Information Regarding This Invasive Pest


The small white cotton ball looking puffs on this hemlock's branches are the pests. The Hemlock Wooly Adelgid is not dangerous to humans and can usually be treated fairly easily.

Native to Eastern Asia, the hemlock woolly adelgid (HWA) was first discovered in America around 1951, in Richmond, Virginia. It is a very small pest that can have dire consequences on the eastern hemlock, Tsuga canadensis, and the Carolina hemlock, Tsuga caroliniana, two tree species that are found throughout the eastern United States.

It is estimated that 90% of the total geographic range of hemlocks in North America has been affected by HWA. This insect will feed on the sap of hemlock trees by inserting its long stylet into the trunk of a tree, very similar to the spotted lanternfly's feeding habit. (Click HERE to be directed to an article on the Spotted Lanternfly.)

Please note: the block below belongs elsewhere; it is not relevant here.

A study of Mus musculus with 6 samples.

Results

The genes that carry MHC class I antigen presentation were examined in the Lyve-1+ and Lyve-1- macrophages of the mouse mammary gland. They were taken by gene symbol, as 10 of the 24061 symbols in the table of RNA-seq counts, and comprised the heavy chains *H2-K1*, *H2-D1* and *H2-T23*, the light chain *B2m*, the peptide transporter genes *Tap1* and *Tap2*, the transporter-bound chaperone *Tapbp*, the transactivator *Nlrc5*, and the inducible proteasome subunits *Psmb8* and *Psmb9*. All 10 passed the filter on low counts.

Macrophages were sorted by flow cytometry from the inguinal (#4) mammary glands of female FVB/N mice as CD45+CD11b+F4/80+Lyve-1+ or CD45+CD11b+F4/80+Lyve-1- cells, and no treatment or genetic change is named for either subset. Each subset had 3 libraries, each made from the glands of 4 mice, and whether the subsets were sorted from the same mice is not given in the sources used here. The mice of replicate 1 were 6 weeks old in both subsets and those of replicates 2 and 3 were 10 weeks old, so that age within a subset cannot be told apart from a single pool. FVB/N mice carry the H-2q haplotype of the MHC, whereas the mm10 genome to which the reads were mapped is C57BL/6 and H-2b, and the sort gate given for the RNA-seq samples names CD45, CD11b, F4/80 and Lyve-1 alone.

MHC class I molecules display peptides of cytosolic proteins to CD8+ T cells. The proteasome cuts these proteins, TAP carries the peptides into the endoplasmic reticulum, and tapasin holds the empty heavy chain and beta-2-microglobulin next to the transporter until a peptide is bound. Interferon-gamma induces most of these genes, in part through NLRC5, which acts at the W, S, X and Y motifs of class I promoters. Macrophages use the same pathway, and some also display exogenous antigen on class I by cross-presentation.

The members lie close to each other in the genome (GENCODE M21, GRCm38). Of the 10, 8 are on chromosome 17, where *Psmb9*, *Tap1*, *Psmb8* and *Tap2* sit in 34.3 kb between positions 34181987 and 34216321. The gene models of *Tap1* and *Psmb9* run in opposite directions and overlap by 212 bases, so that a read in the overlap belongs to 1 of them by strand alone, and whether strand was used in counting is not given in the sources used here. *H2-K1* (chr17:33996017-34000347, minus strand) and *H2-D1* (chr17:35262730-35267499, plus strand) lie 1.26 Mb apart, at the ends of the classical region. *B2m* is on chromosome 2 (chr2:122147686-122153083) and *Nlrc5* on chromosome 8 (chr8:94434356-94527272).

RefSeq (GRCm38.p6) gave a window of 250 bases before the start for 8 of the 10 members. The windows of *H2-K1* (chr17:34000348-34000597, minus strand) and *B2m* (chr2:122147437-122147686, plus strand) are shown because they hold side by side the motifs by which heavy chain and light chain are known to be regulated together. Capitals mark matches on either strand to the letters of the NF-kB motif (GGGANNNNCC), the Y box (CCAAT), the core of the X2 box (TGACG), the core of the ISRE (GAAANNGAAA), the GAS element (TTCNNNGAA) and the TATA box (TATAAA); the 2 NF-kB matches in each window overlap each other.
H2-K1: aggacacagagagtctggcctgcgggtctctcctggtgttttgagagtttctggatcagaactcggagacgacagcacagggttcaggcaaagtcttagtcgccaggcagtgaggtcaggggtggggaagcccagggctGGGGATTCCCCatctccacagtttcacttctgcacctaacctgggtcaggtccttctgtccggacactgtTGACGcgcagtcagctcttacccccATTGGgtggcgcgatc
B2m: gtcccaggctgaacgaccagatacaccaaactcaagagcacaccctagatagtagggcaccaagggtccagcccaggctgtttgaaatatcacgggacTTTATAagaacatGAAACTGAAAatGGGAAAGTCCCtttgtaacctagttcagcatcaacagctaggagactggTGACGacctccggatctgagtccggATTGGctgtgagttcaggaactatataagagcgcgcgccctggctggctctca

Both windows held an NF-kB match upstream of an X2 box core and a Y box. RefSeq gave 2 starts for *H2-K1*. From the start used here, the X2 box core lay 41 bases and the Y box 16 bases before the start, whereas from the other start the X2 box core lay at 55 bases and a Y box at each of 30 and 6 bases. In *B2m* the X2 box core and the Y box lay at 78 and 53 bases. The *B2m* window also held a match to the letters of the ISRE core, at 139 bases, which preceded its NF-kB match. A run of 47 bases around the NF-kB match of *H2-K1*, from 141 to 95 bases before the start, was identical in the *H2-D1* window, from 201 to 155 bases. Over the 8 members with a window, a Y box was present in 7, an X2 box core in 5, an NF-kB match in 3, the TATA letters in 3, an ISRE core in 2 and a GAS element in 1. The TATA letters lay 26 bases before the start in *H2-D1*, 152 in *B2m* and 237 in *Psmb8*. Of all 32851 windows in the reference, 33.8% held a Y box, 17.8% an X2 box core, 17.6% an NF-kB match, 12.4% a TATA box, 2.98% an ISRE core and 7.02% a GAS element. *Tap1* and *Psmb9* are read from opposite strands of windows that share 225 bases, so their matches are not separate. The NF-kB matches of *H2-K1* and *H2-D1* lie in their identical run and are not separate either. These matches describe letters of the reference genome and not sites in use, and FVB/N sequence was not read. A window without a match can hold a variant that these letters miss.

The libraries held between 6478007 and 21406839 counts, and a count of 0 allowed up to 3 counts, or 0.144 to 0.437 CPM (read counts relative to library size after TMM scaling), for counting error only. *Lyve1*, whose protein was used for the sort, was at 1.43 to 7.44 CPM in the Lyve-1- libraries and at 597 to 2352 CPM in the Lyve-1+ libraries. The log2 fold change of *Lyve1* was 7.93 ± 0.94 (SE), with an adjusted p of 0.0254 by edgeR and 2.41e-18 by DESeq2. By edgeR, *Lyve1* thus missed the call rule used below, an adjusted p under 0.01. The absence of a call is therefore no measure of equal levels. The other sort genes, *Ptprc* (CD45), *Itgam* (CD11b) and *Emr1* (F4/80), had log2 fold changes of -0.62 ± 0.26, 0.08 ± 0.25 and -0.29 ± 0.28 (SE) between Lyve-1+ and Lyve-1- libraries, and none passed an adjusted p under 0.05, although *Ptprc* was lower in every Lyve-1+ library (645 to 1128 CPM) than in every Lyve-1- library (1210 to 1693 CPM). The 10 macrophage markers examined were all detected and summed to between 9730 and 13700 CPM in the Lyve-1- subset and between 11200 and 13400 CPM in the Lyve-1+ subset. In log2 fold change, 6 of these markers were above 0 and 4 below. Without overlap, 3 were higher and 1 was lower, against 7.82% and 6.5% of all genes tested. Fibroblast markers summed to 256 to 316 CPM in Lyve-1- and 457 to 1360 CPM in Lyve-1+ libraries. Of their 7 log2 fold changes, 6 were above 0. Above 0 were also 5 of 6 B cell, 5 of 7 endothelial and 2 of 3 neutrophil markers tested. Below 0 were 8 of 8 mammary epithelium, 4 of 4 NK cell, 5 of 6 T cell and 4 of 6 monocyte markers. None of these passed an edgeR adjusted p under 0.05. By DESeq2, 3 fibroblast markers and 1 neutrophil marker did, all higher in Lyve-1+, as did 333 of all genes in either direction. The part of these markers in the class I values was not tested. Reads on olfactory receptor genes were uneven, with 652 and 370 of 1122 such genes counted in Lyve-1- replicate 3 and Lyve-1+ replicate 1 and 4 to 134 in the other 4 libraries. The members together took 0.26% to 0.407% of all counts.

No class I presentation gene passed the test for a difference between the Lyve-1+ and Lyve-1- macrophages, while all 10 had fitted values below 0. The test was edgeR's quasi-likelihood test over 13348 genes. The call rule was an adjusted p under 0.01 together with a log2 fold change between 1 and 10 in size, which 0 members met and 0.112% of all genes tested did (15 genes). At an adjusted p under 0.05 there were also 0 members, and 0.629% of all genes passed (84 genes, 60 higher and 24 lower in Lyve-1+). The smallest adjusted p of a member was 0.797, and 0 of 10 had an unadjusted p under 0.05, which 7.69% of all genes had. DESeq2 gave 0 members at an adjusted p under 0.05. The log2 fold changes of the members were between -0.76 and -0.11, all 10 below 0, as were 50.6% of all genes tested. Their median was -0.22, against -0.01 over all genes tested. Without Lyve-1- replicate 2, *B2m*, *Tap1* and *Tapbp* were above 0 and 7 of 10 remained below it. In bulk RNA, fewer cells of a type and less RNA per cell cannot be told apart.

While a single insect itself is only about 0.8 millimeters in length, groups of them are easily visible and look like small cotton balls clustered together on the branches of hemlock trees.

If a tree is infested, the HWA can take approximately 4 to 10 years to completely kill the tree. The HWA will cause the tree to loose its needles and prohibit any new growth. Furthermore, if the tree naturally withstands the infestation, it will be more likely to succumb to other secondary diseases.

The North Carolina Cooperative Extension Service from the campus of North Carolina State University suggests, "the safest insecticides for controlling HWA are foliar sprays with either horticultural oil or insecticidal soap." To read more about this pest, click HERE.